In analyzing a company, we often start with the segment disclosures. This is especially true for larger companies. Large-cap companies are thought to be safer than less-capitalized companies, because they are more diversified and liquid than smaller companies. And illiquidity really can hurt you. You may be absolutely right about the fundamentals of your small company but illiquidity can overwhelm matters and keep the price depressed. As a general rule, the smaller the investment, the greater you should prioritize liquidity as a consideration.
But we should appreciate a neglected cost of buying large companies, a cost we might call the complexity premium. This refers to the inherent, relative complexity of any large publicly-traded company. Some small caps are indeed "pure plays." Few if any large caps are pure plays. We sometimes read that conglomerates are historical artifacts that have given way to more focused companies in recent years, where spin-offs are generally held in better esteem than acquisitions.
But in reality every company is a conglomerate. And your average large-cap company is a multi-dimensional amalgamation of dizzying complexity and breadth. An investment that you can never fully comprehend. But that’s okay. As self-doubt strengthens faith, so does skepticism encourage onion peeling. I’ve argued before that Buffet’s principles need to be reinterpreted in light of (i) exponential technological change and (ii) the fragmentation and business line blurring that ensues from Friedman’s Flatworld. Buffet succeeded, in part, by projecting economic relatively stable profits forward in time, as a function of a company’s economic moat. This analytical game is harder nowadays. Few companies can build solid moats around an stable income stream; much less project them forward with high confidence.
For this reason, if you are evaluating a large cap company, in most cases the key financials (e.g., revenues, margins, returns) are just a starting point. For most large caps, corporate-level metrics are aggregates that combine the performance of several different units. Much of the success of the initial Advisor portfolios was due to the fact that, almost regardless of the size of the company, we analyzed each company as a set of several companies-within-the company. The market, being a voting/weighing machine, needs headlines; it will reduce most companies to a story that can be summarized in a banner.
In our experience, the best companies are the ones that are incubating high-growth units within the overall organization. And you won’t find those high-growth units in the corporate metrics. So for example, we saw that Ceradyne (CRDN) was not really a defense contractor but an advanced materials firm. (they continue to be compared to the wrong peers, generally). That premise then had an implication: for the long term, we cared more about their materials businesses than their body armor sales.
A great place to start in the segment data. Per SFAS 131, companies are required to disclose reportable segments. A reportable segment is defined by SFAS 131 as a part of the company that accounts for at least 10% of any one of the following:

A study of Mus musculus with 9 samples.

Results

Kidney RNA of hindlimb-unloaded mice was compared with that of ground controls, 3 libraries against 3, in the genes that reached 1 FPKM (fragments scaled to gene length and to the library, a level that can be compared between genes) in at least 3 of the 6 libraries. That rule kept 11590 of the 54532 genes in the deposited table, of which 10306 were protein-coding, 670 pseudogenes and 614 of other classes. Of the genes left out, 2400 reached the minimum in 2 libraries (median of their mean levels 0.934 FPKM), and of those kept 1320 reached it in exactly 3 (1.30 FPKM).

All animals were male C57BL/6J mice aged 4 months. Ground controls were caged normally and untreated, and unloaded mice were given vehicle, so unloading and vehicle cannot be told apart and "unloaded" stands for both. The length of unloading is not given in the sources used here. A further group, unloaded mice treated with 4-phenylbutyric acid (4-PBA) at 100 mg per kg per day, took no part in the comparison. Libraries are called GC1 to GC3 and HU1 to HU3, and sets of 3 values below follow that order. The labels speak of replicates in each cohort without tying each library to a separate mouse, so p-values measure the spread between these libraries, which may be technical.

* Total revenues
* Operating profit
* Identifiable assets
Take for example, Intel’s (NASDAQ:INTC) latest quarterly filing. The average analyst is concerned with whether Intel’s gross margin will fall below 50% next quarter (as the company has guided, a level that would be a symbolic breach). Given the breadth of Intel’s product line and the strategic importance of truly new markets, it is not clear what you can really do with this overall gross margin number. It is an average. It is more important to identify Intel’s different markets; then to evaluate the respective importance of each of these market; then finally to evaluate Intel’s respective prospects vis-a-vis each market. For example, without offering an opinion, what is the relative importance of the desktop segment; i.e., versus mobile and other platform opportunities? If it is important, what are Intel’s prospects here?
Here is a chart of the Q2 2006 reported segment data. Intel reports three segments, digital enterprise, mobility and flash memory.
We can see big differences. Digital Enterprise is 70% larger than Mobility, but contributed fewer operating margin dollars ($931 million versus $946). Flash memory deepened its loss; natural for a high growth unit (except it didn’t grow). If we look further, we can find vivid illustration of the competitive chip market. Consider this note about the Mobility Group:
Net revenue for the Mobility Group operating segment increased slightly by $67 million, or 3%, in Q2 2006 compared to Q2 2005. We experienced significantly higher microprocessor unit sales, and to a lesser extent, higher revenue from sales of chipsets in Q2 2006. These increases were largely offset by lower microprocessor average selling prices. These increases were largely offset by lower microprocessor average selling prices. Higher operating expenses, and higher unit costs each contributed to the decline in operating income in substantially equivalent amounts.
To recap this note, the Mobility Group sold "significantly" more product but that volume increase was met by an (almost) equivalent price deflation. And to make matters worse, both operating and product costs increased. You would think they’d get more credit for growing sales, but this is a fiercely competitive business.
I am not rendering an opinion on Intel -- to do so requires far more analysis than I’ve done here. Rather, I wanted to illustrate the idea that you can start with segment reporting as a way to understand the business better.